Let’s talk about how a poet’s imagery can screw a person up.
Imagery is both a fascinating and devious creature. Every poem has it, and if it doesn’t, then it’s very likely that what you’re reading is not, in fact, a poem. The essence of imagery is the innate ability to draw a reader into a work and create a believable impression of a theme, person, place, or thing. If a poet hasn’t yet mastered this skill, then he has work to do to ensure the most basic foundation.
Let me give an example, Yusef Komunyakaa’s “Facing It,” is a perfect instance of imagery so successful that it creates a visceral, palpable emotion in the reader. Now, I’m not personally a fan of war poetry, or prose for that matter, ever since an emotional fiasco regarding Dalton Trumbo’s Johnny Got His Gun. To this day, I have a vivid recollection of the story simply because the imagery was so succinct at capturing the narrative that my brain could not look away. The depiction of a man kept inside a shell of a body seriously makes me want to retch. It’s intense stuff.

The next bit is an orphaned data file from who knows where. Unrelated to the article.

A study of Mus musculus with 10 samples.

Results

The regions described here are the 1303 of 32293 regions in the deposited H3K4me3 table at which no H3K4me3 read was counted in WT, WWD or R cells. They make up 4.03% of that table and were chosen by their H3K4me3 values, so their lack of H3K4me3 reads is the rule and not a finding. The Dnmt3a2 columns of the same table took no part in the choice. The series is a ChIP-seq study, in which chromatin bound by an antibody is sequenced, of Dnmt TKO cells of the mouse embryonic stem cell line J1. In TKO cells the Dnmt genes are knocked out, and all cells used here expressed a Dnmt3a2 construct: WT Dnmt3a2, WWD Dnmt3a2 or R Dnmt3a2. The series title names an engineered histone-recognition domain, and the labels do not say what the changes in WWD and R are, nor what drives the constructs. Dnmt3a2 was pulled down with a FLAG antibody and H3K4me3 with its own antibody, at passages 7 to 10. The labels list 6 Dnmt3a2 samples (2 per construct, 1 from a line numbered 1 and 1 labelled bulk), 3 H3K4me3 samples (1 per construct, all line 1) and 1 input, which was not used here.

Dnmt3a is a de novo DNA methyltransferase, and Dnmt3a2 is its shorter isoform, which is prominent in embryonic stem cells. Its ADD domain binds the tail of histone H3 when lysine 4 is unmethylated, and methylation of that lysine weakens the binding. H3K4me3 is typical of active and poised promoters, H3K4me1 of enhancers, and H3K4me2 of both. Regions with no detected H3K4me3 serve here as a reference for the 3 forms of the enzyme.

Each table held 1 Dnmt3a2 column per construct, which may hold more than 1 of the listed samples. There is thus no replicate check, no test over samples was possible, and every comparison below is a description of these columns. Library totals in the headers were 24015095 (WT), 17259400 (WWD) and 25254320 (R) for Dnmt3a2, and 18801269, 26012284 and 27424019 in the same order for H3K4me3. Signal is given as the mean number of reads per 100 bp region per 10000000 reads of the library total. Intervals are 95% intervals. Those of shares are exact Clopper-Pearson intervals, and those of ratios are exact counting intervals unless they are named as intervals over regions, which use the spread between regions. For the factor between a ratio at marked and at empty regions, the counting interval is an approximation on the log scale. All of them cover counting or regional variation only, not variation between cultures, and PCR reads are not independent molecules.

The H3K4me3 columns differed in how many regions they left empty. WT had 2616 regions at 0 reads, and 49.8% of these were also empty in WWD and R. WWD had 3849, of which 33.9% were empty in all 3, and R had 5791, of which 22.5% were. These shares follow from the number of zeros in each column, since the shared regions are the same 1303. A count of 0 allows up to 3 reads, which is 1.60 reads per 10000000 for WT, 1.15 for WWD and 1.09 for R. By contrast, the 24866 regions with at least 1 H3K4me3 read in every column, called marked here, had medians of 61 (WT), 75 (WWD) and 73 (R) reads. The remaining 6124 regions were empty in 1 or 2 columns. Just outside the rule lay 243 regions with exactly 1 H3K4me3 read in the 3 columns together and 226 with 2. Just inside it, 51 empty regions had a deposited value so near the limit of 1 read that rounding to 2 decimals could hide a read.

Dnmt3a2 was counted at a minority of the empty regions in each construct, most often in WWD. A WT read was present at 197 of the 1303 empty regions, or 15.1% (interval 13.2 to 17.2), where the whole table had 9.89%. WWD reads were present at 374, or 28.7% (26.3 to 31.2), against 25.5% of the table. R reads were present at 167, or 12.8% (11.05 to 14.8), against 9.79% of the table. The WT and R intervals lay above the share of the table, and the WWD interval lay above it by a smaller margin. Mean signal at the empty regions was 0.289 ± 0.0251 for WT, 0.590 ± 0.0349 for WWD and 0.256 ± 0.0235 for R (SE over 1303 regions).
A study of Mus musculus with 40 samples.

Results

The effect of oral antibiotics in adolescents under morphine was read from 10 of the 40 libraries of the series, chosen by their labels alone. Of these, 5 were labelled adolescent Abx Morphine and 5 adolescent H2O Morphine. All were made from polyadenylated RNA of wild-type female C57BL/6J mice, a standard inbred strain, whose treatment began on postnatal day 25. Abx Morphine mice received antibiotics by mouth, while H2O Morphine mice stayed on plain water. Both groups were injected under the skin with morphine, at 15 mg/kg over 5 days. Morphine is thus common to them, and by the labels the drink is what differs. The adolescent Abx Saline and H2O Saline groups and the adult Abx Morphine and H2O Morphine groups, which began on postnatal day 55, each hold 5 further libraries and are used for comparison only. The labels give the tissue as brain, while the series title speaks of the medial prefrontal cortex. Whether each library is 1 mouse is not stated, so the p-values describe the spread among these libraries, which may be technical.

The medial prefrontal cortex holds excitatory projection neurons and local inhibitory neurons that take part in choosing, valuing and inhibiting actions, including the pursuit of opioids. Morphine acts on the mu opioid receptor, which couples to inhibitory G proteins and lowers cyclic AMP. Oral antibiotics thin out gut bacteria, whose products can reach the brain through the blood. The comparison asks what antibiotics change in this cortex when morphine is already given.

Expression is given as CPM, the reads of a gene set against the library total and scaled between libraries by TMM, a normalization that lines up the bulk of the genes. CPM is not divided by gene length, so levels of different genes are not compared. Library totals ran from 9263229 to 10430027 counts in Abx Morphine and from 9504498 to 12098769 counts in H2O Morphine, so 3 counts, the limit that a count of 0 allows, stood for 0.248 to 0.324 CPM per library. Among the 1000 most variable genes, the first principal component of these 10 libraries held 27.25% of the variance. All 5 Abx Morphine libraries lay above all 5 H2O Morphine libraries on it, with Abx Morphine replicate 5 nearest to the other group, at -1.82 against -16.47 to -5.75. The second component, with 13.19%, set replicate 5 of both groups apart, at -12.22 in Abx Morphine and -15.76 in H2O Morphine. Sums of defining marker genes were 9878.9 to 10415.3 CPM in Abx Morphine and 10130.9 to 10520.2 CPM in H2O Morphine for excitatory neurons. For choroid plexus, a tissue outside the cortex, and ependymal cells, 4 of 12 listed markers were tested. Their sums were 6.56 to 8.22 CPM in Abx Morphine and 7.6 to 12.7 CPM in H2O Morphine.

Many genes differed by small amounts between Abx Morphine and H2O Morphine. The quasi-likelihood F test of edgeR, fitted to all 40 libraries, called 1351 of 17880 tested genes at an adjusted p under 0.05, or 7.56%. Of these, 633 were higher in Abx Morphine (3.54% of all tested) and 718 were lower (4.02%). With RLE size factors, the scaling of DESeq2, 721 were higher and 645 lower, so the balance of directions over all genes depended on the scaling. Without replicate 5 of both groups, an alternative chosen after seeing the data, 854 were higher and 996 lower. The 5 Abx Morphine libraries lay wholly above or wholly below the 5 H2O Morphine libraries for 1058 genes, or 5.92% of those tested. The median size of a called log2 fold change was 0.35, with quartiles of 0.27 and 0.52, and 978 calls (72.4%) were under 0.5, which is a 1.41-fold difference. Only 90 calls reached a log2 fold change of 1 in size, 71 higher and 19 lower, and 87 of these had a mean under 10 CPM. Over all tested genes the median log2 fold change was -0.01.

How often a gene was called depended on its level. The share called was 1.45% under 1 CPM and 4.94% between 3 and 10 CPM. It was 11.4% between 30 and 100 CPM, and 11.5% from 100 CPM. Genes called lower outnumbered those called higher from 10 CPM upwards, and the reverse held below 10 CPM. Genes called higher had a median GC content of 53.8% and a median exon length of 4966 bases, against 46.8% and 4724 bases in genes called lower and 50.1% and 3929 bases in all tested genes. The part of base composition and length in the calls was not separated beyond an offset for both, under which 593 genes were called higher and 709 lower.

Needless to say, I could never bring myself to finish Trumbo’s book because I was viscerally traumatized by the imagery and could not continue. I do not know how it ends – and please don’t tell me – I know enough to have forever captured the poor soul in the darkest corners of my mind. I’ll be honest here and tell you that I was so messed up by this book that I couldn’t even keep it on my bookshelf next to my school books. It had to be thrown away. In hindsight, I probably should have sold it back to the bookstore, but then I would have had to give it a car ride there and I wasn’t ready for that kind of closeness.
Maybe this visceral reaction is not the case with Yusef’s poem; however, I definitely took the Trumbo situation out on poor Yusef; that I can admit. I did my reading with an incredible bias, disturbed by the images, with one hand prepared to cover my eyes in case it took too dark a turn. Let’s look at an example: “I see the booby trap’s white flash…he’s lost his right arm inside the stone” (lines 17, 27-28). To clarify, the man is literally blown up right in front of us. That’s some pretty serious shit, right there.
Despite my penchant for dramatics, Yusef and Trumbo deserve their dues. Their images are strong and definitely convey the scene to a reader in a way that is viscerally moving. It takes a brave writer to take on such darkness with passion about gruesome subjects. But let’s be real – the violence of the whole matter will be plenty to give me nightmares long into the future.